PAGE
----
In many ways, art historian, scholar and political activist Shifra Goldman was the madrina — the godmother — of Chicano art. A memorial service in her honor held October 15 at the Professional Musicians Local 47 was marked by an outpouring of love and sympathetic eulogies from artists and intellectuals, many with origins in L.A.'s East Side. More than a handful were artists she had championed from the earliest days of the Chicano Civil Rights movement when her strident political views dovetailed with her emergence as a leading Latino art scholar.

Hours before the public inauguration of two major Pacific Standard Time linked exhibitions of Chicano art at UCLA's Fowler Museum, friends and long-time collaborators of the self-professed “activist art historian” gathered in the Hollywood union hall to celebrate the life of a pioneer in the field of contemporary Latin American art history and a tireless warrior who often stood on the front lines of peace and justice protests even as she help birth a field of academic study that had gone largely ignored by art institutions until she came along. Her death on September 11 at 85 from Alzheimers concluded an important chapter in the cultural life of Los Angeles, a period when art and artists on the margins began taking center stage.

Raised in New York with the left-leaning sentiments of her parents, Jewish immigrants from Russia and Poland, Shifra Meyerowitz, came to L.A. to study at UCLA. She left the university and immersed herself in the political currents roiling amidst Eastside youth who fought to improve the quality of their education, a movement that led to the historic walk-outs and boycotts at high schools populated by Mexican American kids who saw inequality in the caliber of teaching materials, programs and resources they were allocated as well as the lack of college preparatory courses available to them.

Returning to academia herself in the '60s, Goldman consolidated her regard for both the emerging Chicano art movement that paralleled a political awakening and the Mexican masters that had inspired so many of the young artists involved into a groundbreaking dissertation on modern Mexican art. As a professor of art history, she would later go on to co-author the definitive Chicano art bibliography, Arte Chicano, with Tomás Ybarra-Frausto.

Carol Wells, founder and director of the Center for the Study of Political Graphics, joined filmmaker Jesús Treviño — the director who collaborated with Goldman to produce América Tropical, the 1971 documentary about the Siqueiros mural that was whitewashed in downtown L.A. — at the touching memorial, where friends and family spoke glowingly about Goldman's impact upon their lives and careers. Artist Barbara Carrasco remembered being referred to as “scrappy” by Goldman in an article for the L.A. Times about censorship.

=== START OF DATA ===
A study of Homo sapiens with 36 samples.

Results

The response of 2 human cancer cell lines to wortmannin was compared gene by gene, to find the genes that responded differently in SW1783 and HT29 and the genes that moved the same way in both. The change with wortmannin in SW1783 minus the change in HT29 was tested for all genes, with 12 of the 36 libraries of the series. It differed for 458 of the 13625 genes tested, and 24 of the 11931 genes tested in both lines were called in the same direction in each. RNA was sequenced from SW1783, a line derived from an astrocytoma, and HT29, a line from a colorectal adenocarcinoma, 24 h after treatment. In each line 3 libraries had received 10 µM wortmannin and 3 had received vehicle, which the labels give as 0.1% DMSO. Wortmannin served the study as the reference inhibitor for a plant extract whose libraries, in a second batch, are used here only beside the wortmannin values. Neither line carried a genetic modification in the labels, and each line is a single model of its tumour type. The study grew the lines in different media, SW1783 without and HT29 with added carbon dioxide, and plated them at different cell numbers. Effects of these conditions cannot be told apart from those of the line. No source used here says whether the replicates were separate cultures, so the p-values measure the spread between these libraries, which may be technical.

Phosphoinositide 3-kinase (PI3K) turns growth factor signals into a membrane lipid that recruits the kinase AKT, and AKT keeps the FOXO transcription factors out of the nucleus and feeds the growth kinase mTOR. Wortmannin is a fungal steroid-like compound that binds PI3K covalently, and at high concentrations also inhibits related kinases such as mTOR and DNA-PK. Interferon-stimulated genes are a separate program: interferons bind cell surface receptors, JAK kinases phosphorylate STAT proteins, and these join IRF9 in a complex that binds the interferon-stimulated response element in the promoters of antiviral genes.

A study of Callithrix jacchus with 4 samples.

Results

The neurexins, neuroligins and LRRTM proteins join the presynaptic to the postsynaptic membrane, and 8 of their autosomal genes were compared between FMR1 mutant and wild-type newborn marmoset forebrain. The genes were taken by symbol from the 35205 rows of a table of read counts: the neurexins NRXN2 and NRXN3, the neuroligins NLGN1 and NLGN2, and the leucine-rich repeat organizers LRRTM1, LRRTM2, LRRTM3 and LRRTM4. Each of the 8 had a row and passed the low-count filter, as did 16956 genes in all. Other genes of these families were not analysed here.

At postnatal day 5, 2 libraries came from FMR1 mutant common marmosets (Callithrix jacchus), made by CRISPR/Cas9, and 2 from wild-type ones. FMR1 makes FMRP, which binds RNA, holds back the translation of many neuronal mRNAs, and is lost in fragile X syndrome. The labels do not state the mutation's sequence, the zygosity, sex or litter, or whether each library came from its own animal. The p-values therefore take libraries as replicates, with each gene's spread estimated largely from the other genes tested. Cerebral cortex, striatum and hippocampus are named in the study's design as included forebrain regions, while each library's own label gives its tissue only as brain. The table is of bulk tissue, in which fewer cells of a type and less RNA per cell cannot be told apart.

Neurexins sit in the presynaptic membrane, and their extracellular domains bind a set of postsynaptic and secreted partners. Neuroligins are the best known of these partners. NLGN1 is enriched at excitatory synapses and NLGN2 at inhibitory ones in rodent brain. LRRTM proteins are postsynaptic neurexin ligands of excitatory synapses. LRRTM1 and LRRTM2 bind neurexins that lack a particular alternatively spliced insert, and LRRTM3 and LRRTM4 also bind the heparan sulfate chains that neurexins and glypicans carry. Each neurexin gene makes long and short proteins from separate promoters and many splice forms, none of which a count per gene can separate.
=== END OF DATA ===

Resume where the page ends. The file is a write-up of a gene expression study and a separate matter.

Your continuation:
Punctuated by video clips in which Goldman herself discussed her life as well as her ideas with respect to Chicano art and political activism, the afternoon took on a slightly mournful tone when her son, guitarist Eric Garcia, and her grandson Ian, shared poignant recollections. The two performed on guitar and violin respectively as part of a final musical homage featuring Shifra's favorite songs.

ASCO founding member Harry Gamboa, Jr., playwright Richard Montoya, Ave 50 Studio Director Kathy Gallegos and printmaker Poli Marichal, the original Dos Streetscapers David Botello and Wayne Healy, among scores of others, bade farewell to a women who, in a span of over four decades, became a powerful advocate on their behalf. It is ironic, that now, shortly after her passing, many of them are finally receiving the attention and recognition they have long deserved, a spotlight she focused in their direction long before it had become fashionable.

Yreina D. Cervantez, an art professor at Cal State University Northridge, grew teary as she remembered how Goldman asked her to take over her own teaching duties one semester at Santa Ana College, where Goldman taught Pre-Colombian, Modern Mexican and Chicano art history.

“I told her I was only an artist, that I knew nothing about teaching, and she told me not to worry about it because she was going to over each lesson plan with me before each class,” Cervantez recalled.

Overall, the sentiments conveyed how much Goldman had imparted during the course of her life and her incessant scholarship. Her copious publication of critical books, articles and essays helped shape and define what is now understood as Chicano art. At the small reception held afterward, guests were treated to bagels with cream cheese and tamales, the perfect marriage of the two cultures Goldman fought so hard to bridge with her love of beauty and art forged in struggle. Fittingly, a quote featured in one of the video clips indicated clearly why she chose the path she did. “I was born on the margins, lived on the margins, and have always sympathized with the margins. They make a lot more sense to me than the mainstream.”